My little man is quite a character. The first time I held him, I knew he was an old soul. He was a healthy eight-pound boy and stretched my belly to its limit. Now, at almost five years young, he speaks a sweet, funny, brutally truth. He is wise beyond his years. I envy this quality about children and love the no-brain/mouth filter!
My favorite time of the day is just before bedtime, when I tuck him in and cuddle with him until he falls asleep. These are the moments when he opens his heart and shares his thoughts and feelings about life.
There have been some funny conversations, like when he told me how much he loves his penis and wants to keep it safe. Serious talks about spiders, monsters, and the importance of keeping his closet door shut so they can sleep peacefully and not bother the little man. And there are the nights when we have to talk about divorce and why his dad and I don’t live in the same house.
The conversations are not always easy, but they are insightful. I love that at my son’s young age; we have a strong bond. So when he told me that he loved my fat belly and was sad that it was going away, I was caught off guard. The comment was innocent and genuine, out of the mouth of a babe. Leave it to my little man to give me the best body image perspective.
You see, I have struggled with my body image for as long as I can remember.
I have never really felt super comfortable in my skin. Now, some significant events have occurred along the way that contributed to my discomfort, but I am super self-conscious about my belly.
I am an athletic girl; this served me well growing up because I played sports, and my solid frame continues to serve me very well in my profession of firefighting.
I am healthy, strong, and fit. Most of the time, I put good fuel in my body, exercise, and live a healthy lifestyle. I do this because I want to grow old with grace, and I want to see my son grow up. However, the world tells me I need to be thin, tan, and perfect.
Then I see a picture of myself when I thought I was fat, and I think, “Damn, I looked amazing, I was not fat!” After my little man had told me he loved my belly, I wanted to know why I didn’t and what steps I could take to start loving my body.
But first I want to give you some perspective. I weigh about seven pounds more today than I did at six weeks pregnant.
And that is exactly the point.
I GREW A HUMAN.
I grew, carried, nurtured a beautiful boy, and delivered that sweet 8.5lb boy after a long 24 hours of labor. My entire world changed when I met him for the first time, not just my body.
When my son looks at my belly, he sees a safe and comfortable place to lay his head. He can use it as a shelter when he is shy and wants to bury his face. He loves to give me a “zerbert,” and his laugh fills my soul.
I may not see my belly the same way my little man does, but I have been working hard to accept my belly. I am learning to give myself grace and gratitude.
Here are four steps I have been taking to make peace with my body:
I figured out my “why.”
First was accepting that my love/hate relationship with my body has deep roots. I spent a lot of time reflecting and figuring out at what point I started to feel self-conscious. When I hit puberty, my body and hormones took off before my mind could process what was going on. So I became mad at her.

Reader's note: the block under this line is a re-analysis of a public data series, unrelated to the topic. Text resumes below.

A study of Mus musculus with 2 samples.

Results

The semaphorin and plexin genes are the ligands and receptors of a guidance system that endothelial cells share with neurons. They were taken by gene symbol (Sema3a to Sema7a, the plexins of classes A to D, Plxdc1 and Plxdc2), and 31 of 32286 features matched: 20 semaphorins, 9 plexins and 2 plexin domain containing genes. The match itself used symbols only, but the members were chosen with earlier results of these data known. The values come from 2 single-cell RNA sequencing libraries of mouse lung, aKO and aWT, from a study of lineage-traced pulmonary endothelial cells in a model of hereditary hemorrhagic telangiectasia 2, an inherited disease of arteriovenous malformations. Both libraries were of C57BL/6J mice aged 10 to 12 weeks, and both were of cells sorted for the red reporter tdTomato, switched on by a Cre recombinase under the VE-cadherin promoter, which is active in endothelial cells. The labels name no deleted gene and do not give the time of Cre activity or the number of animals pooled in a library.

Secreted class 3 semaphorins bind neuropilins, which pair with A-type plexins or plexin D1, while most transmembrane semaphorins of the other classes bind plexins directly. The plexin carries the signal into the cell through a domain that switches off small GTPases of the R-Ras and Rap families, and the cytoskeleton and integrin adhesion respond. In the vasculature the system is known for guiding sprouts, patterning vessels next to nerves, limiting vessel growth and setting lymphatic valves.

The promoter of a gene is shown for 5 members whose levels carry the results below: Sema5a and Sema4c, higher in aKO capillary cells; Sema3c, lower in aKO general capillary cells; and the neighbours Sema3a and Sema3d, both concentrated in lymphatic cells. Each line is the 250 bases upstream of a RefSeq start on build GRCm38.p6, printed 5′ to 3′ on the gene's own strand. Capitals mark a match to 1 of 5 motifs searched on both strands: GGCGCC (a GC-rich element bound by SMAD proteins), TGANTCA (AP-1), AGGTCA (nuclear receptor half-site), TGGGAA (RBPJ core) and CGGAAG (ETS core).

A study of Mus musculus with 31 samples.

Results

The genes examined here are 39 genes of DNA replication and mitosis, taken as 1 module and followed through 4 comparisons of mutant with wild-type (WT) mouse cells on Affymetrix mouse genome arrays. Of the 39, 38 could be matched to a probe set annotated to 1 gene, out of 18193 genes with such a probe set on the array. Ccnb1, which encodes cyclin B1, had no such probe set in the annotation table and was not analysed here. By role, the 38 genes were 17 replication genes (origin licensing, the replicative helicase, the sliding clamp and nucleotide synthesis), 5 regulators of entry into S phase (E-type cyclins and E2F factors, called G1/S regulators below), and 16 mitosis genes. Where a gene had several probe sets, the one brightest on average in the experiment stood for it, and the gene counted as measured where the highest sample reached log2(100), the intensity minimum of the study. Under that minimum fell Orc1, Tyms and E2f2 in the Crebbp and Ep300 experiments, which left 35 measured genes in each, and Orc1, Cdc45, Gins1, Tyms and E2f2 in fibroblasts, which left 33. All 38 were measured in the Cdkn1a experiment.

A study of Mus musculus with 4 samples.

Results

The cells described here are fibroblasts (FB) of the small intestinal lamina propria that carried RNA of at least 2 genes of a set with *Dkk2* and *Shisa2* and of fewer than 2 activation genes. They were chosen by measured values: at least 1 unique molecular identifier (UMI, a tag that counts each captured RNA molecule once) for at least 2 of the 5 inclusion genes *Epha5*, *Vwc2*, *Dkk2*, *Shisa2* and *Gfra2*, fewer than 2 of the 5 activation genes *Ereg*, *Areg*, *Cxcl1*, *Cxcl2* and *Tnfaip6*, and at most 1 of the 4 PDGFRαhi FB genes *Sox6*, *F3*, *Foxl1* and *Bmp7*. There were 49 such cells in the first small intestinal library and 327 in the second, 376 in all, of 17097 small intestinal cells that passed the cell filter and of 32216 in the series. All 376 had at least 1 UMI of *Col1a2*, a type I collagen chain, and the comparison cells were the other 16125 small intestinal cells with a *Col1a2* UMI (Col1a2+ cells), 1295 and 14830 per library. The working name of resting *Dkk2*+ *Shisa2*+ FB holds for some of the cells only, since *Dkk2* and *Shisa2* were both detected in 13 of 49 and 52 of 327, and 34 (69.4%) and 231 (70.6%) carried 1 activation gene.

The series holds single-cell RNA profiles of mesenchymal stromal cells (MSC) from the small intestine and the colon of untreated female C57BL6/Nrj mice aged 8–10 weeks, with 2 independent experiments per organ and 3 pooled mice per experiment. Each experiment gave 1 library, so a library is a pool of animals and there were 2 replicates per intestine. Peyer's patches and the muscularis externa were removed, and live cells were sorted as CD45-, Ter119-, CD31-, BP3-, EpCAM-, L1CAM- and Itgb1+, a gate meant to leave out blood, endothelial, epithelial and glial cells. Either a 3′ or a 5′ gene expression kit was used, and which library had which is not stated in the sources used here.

The first thing I did was apologize to my body for hating her for so many years and not appreciating her. Every morning I say affirmations, and I now include a positive body affirmation. The universe has given me this body for a reason, and I need to treat her well.
Eat Healthy (most of the time)
The second was admitting that I love food. Finding new restaurants are one of my favorite hobbies! The older I get (thank you 40), the slower my metabolism is, which means I need to be mindful of the food I use to fuel my body. Most of the time, I try to eat clean, which is no sugar or bread. However, I still eat pizza and mac and cheese. Just not every day. I have never been a dieter, I don’t count calories, and I HATE the scale.
Third, our bodies are made to move. A few years ago I was in a car accident. My lower caused me pain for over a year. Moving and exercising made me feel better. Staying active to play with my little man and be a role model for him is a priority for me. I take him to the gym with me whenever I can so he can run around and see his mom taking care of herself. Last month I competed in a CrossFit competition, and he was my biggest fan; how can I not love my body that keeps me active?
Fourth, the most challenging step is to make time for my body every day. I start with deep breaths when I wake up, say affirmations then I start my day. At the end of the day, I usually take a bath with Epsom salt and bubbles. I will read or just lay in the tub and unwind my brain. This only takes about 20 minutes, but the payoff is priceless. I sleep better, I am less sore, and I am happier.
But Diane, I don’t have time…
There are only 24 hours in a day. And we are usually at the bottom of our priority list. We carry the weight of the world on our shoulders to make sure we keep the kids happy, food on the table, and find meaning at work. We all juggle a lot of balls and feel like nothing gets done well.
And how much time do you spend worrying about what your body is not? I’m too fat, too tired; legs are too big, my boobs aren’t big enough? My hair isn’t long enough; my hair is too curly?
What would happen if you dropped some of the balls? What would happen if you took time out to get a pedicure? If you started to treat your body as a precious gift? What if you focused on what your body can do?
Give yourself a break and start small; tell your body you love her and see what happens. Look at your body through the eyes of your children.